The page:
Author: Carrie Turansky

Rating: 2 out of 5 stars

Julia Foster is an ex-missionary who has traveled from India back to England to assist with her father’s failing health. Desperate to help her parents pay the bills, she takes on a job as governess to the four very privileged charges of Sir William Ramsey of Highland Hall. But she is not welcomed by everyone.

Placed in the awkward position of being neither downstairs help nor upstairs family, Julia struggles to find her place as she battles difficult children and a growing attraction to a man far out of her reach.

Meanwhile, Sir William Ramsey struggles to keep both his floundering family and estate from financial ruin.

I originally requested this book to review because it’s set in the early 1900’s and looked like the book form of one of my favorite shows, Downton Abbey. With it being set in the same time period and with the author using several different view points (such as the housekeeper’s, gardener’s, and estate owner’s), it’s quite obviously supposed to be a Downton Abbey spin-off.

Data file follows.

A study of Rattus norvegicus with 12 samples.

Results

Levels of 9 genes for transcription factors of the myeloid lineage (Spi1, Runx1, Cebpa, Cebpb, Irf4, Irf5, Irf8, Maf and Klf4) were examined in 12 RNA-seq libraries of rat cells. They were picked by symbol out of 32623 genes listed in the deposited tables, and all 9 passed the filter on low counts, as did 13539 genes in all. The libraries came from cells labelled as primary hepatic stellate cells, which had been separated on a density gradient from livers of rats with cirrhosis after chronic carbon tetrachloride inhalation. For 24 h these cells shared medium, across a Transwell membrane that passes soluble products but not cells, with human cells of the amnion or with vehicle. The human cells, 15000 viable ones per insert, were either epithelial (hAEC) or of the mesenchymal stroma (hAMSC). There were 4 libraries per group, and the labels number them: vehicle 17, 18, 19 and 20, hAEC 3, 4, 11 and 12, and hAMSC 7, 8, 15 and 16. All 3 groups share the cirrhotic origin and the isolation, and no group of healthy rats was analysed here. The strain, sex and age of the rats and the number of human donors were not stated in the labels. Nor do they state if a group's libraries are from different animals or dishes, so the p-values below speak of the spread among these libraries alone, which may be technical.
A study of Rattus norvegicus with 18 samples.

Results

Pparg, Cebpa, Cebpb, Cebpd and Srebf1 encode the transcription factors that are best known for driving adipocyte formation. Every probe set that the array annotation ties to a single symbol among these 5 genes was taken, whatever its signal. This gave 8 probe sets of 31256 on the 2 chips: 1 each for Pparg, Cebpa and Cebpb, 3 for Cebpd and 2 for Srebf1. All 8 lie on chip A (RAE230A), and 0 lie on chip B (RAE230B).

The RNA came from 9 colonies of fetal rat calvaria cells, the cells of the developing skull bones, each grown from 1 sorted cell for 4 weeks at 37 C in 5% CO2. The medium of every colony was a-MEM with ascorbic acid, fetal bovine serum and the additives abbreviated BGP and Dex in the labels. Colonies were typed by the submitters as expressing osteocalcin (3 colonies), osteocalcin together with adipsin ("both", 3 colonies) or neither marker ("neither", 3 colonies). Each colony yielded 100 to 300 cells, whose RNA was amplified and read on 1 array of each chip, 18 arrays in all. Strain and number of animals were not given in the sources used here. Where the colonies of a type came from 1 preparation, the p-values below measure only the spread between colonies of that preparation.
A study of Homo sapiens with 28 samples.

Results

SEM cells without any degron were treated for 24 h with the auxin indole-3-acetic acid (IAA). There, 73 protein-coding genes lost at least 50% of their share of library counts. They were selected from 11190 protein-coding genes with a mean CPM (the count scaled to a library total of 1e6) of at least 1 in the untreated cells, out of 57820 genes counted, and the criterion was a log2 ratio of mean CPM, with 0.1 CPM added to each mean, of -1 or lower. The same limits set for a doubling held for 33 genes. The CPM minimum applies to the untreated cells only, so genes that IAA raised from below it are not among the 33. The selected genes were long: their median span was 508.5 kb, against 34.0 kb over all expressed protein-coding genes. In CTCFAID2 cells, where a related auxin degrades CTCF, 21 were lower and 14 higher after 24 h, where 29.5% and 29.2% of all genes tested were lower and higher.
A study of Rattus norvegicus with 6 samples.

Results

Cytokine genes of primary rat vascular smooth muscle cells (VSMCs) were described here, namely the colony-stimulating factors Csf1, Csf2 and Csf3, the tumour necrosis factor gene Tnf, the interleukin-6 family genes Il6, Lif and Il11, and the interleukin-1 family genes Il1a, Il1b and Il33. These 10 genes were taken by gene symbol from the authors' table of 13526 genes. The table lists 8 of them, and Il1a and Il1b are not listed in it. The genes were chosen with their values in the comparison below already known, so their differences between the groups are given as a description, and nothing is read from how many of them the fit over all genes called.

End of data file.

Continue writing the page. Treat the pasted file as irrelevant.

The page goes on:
Unfortunately, the book fell flat for me. I found the main character Julia to be very hard to relate to and similar to Mary Poppins–practically perfect in every way.

Julia always thought the right things, nearly always said the right things, and pretty much became the savior of the entire household from upstairs to down. I’d buy it if she helped change the lives of maybe one or two people. But changing the lives of the housemaid, gardener, the estate owner, his children, his sister, and his two cousins? Not as likely.

Still, there was a very funny instance of mistaken identity in the beginning that became my favorite part of the entire book, and I like how the author explored several different virtues and points of morality. I also appreciated the way she portrayed the children in her book. Usually whenever I see children in fiction, they come across as very unrealistic to me. The children in Turansky’s book nearly leapt off the pages with how real they seemed, so I give her major props for that.

However, as much as I didn’t like the book, my mom (who is also an avid Downton Abbey fan) loved it. So while I have to be honest and say that it wasn’t my favorite, who knows? Maybe it could be one of yours!

*I received this book for free from WaterBrook Multnomah Publishing Group for my honest review.